Change in the wind for Europe’s energy

Driven mostly by wind power, 86 percent of the new energy capacity added to Europe’s grid last year was from renewable sources. However, the future of the industry looks somewhat uncertain


New renewable energy sources are continuing to change the makeup of Europe’s energy sector, with the overwhelming majority of new capacity built in 2016 coming from renewable projects. Despite substantial investment and multiple large-scale endeavours, there are concerns about the future of the renewable energy market as deadlines for renewable targets loom.

As reported by The Guardian, trade body WindEurope released figures showing that of the 24.5 gW of capacity added to Europe’s electrical grids in 2016, 21.1 gW came from either solar, biomass, hydro or wind generators. Notably, wind power has now overtaken coal to be Europe’s second-largest form of power, behind only gas. However, since wind does not continuously generate electricity, it is still behind coal in terms of total power generated.

The future of the industry looks uncertain, with few countries establishing plans for further renewable infrastructure

The substantial increase was thanks to a number of projects being completed in Germany, France, the Netherlands, Finland, Ireland and Lithuania. Overall investment in European wind energy surged to €27.5bn, WindEurope stated.

However, the future of the industry looks less certain, with few countries establishing plans for further renewable infrastructure beyond current targets. In a statement, Giles Dickson, CEO of WindEurope, said only a fraction of the EU’s member states have established renewable targets beyond 2020.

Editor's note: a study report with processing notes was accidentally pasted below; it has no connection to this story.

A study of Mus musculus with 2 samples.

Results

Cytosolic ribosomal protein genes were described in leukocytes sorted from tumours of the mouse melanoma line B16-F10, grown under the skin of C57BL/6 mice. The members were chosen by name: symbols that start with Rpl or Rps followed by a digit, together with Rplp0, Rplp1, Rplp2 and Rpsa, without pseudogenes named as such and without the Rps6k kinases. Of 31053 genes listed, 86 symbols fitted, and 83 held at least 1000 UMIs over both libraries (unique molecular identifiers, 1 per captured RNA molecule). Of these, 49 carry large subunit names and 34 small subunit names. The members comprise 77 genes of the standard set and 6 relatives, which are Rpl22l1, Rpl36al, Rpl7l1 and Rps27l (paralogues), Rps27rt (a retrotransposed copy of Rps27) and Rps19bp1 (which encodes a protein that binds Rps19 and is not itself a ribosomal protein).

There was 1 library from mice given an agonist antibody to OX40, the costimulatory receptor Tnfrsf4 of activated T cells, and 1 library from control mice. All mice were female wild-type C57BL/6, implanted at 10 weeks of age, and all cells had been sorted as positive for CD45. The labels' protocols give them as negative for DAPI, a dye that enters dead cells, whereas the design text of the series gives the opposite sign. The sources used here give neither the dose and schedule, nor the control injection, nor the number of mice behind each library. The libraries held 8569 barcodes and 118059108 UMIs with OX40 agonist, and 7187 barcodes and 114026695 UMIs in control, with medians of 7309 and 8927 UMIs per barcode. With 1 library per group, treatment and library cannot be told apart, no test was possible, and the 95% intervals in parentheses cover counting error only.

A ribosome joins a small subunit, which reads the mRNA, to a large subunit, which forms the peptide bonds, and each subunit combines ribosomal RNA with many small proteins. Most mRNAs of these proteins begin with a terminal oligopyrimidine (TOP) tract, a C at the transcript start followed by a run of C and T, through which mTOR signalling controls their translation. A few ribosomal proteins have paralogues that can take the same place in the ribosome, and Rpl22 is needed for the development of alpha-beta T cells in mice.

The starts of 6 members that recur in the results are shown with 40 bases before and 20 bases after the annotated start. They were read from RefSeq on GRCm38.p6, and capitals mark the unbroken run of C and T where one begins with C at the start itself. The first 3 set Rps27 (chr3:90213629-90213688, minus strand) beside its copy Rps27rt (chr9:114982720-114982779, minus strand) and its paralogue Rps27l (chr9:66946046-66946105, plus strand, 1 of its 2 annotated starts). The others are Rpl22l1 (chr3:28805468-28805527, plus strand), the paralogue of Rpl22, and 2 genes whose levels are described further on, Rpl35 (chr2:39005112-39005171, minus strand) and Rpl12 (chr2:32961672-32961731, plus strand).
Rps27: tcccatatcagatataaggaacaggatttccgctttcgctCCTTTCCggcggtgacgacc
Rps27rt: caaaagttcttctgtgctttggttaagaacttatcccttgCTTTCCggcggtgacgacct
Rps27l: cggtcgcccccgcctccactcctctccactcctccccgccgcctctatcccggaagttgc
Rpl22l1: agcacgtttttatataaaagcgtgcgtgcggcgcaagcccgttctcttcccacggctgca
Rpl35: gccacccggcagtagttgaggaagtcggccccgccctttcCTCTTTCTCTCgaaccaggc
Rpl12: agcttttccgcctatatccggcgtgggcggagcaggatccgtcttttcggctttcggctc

“Government policy on energy across Europe is less clear and ambitious than it was a few years ago”, Dickinson said. “Only seven out of 28 EU member states have targets and policies in place for renewables beyond 2020. The transition from feed-in tariffs to auctions has been less smooth than we hoped. We still have dysfunctional electricity markets that are not fit for renewables. And we’re lacking long-term price signals to support investment.”

There are also signs that investment in renewables is resulting in power generation beginning to outstrip demand. As reported by Bloomberg, wind investment in Sweden and Norway has exceeded demand for energy, resulting in a crash in the renewables certificate market. This has been accelerated by businesses such as Google and Ikea investing in infrastructure that will allow them to source the entirety of their energy needs from renewable sources.